NEW YORK – William Styron, the Pulitzer Prize-winning novelist whose explorations of the darkest corners of the human mind and experience were charged by his own near-suicidal demons, died Wednesday in Martha’s Vineyard, Mass. He was 81.
Styron’s daughter, Alexandra, said the author died of pneumonia at Martha’s Vineyard Hospital. Styron, who had homes in Martha’s Vineyard and Connecticut, had been in failing health for a long time.
A handsome, muscular man with a strong chin and wavy dark hair that turned an elegant white, Styron was a Virginia native whose obsessions with race, class and personal guilt led to such tormented narratives as “Lie Down In Darkness” and “The Confessions of Nat Turner,” which won the Pulitzer despite protests that the book was racist and inaccurate.
The subject of Nat Turner and the slave revolt of 1831 had been a lifelong obsession of Styron’s. As a child, Styron lived near where the uprising had taken place and he never forgot a brief, harsh reference to Turner in his grade school history book.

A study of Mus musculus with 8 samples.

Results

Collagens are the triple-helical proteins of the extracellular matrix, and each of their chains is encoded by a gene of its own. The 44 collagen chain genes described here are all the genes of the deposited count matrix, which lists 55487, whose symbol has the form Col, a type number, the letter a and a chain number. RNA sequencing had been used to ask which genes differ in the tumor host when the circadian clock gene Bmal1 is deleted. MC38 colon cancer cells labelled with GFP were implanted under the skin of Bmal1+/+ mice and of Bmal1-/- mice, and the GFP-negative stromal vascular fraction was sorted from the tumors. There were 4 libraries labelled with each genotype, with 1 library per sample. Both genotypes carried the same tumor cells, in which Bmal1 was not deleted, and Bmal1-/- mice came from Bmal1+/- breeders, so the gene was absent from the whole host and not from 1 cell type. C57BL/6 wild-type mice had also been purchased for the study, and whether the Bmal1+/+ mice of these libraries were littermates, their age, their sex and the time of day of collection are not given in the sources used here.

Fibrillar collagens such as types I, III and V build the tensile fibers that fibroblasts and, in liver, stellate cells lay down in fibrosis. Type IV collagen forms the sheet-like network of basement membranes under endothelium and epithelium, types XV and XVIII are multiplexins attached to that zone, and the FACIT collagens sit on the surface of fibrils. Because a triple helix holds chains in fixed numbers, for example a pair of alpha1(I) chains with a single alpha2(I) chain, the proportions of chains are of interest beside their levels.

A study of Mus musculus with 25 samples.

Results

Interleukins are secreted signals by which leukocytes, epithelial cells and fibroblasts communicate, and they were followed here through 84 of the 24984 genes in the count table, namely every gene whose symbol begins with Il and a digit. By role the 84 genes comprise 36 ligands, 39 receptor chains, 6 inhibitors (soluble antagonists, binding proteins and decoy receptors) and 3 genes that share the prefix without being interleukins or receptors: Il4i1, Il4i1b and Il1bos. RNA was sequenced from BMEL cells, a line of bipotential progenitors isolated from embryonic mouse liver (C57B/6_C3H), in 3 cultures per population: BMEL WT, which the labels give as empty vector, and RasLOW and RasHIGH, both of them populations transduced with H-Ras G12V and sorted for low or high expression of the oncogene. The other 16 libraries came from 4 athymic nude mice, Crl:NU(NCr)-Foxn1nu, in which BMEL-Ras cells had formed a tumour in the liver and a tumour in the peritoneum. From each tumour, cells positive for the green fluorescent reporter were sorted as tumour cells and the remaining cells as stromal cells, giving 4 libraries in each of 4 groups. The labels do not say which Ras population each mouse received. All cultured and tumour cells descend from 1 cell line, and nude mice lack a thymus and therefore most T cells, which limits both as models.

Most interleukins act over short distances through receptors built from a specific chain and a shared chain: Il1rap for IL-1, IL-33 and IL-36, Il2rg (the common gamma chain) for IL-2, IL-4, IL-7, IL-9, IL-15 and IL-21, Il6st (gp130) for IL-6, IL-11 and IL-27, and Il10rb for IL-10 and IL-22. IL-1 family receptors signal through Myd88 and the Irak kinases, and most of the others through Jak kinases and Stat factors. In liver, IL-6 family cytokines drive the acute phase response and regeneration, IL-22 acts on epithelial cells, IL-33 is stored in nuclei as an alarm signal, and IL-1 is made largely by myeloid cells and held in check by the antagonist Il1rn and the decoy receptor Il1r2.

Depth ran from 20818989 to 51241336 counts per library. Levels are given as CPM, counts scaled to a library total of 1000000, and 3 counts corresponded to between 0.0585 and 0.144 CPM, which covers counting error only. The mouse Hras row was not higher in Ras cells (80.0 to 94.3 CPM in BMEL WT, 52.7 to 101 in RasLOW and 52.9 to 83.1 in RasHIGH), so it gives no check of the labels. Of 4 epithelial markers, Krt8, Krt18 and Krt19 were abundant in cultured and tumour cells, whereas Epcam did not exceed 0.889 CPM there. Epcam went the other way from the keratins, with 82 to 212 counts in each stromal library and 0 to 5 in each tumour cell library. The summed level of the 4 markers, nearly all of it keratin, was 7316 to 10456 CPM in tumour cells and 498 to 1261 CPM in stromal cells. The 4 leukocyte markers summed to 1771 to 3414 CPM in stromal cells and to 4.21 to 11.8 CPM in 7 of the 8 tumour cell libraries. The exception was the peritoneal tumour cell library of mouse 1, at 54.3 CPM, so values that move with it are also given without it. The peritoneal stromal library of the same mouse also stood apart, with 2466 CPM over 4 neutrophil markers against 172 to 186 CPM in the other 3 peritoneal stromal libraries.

In the early 1960s, “intensely aware that the theme of slave rebellion was finding echoes” in the growing Civil Rights movement, he worked on a fictional account of Turner, whom Styron concluded was both hero and madman. “The Confessions of Nat Turner,” published in 1967, earned Styron the Pulitzer Prize, but also fulfilled his friend James Baldwin’s prediction that “Bill’s going to catch it from black and white.”
His other works included “Sophie’s Choice,” the award-winning novel about a Holocaust survivor from Poland, and “A Tidewater Morning,” a collection of fiction pieces. He also published a book of essays, “This Quiet Dust,” and the best-selling memoir “Darkness Visible,” in which Styron recalled nearly taking his own life.
Styron was a liberal long involved in public causes, from supporting a Connecticut teacher suspended for refusing to say the Pledge of Allegiance to advocating for human rights for Jews in the Soviet Union. In the 1990s, Styron was among a group of authors and historians who successfully opposed plans for a Disney theme park near the Manassas National Battlefield in northern Virginia.
Writing was an increasing struggle in his latter years. Styron was reportedly working on a military novel, yet published no full-length work of fiction after “Sophie’s Choice,” which came out in 1979.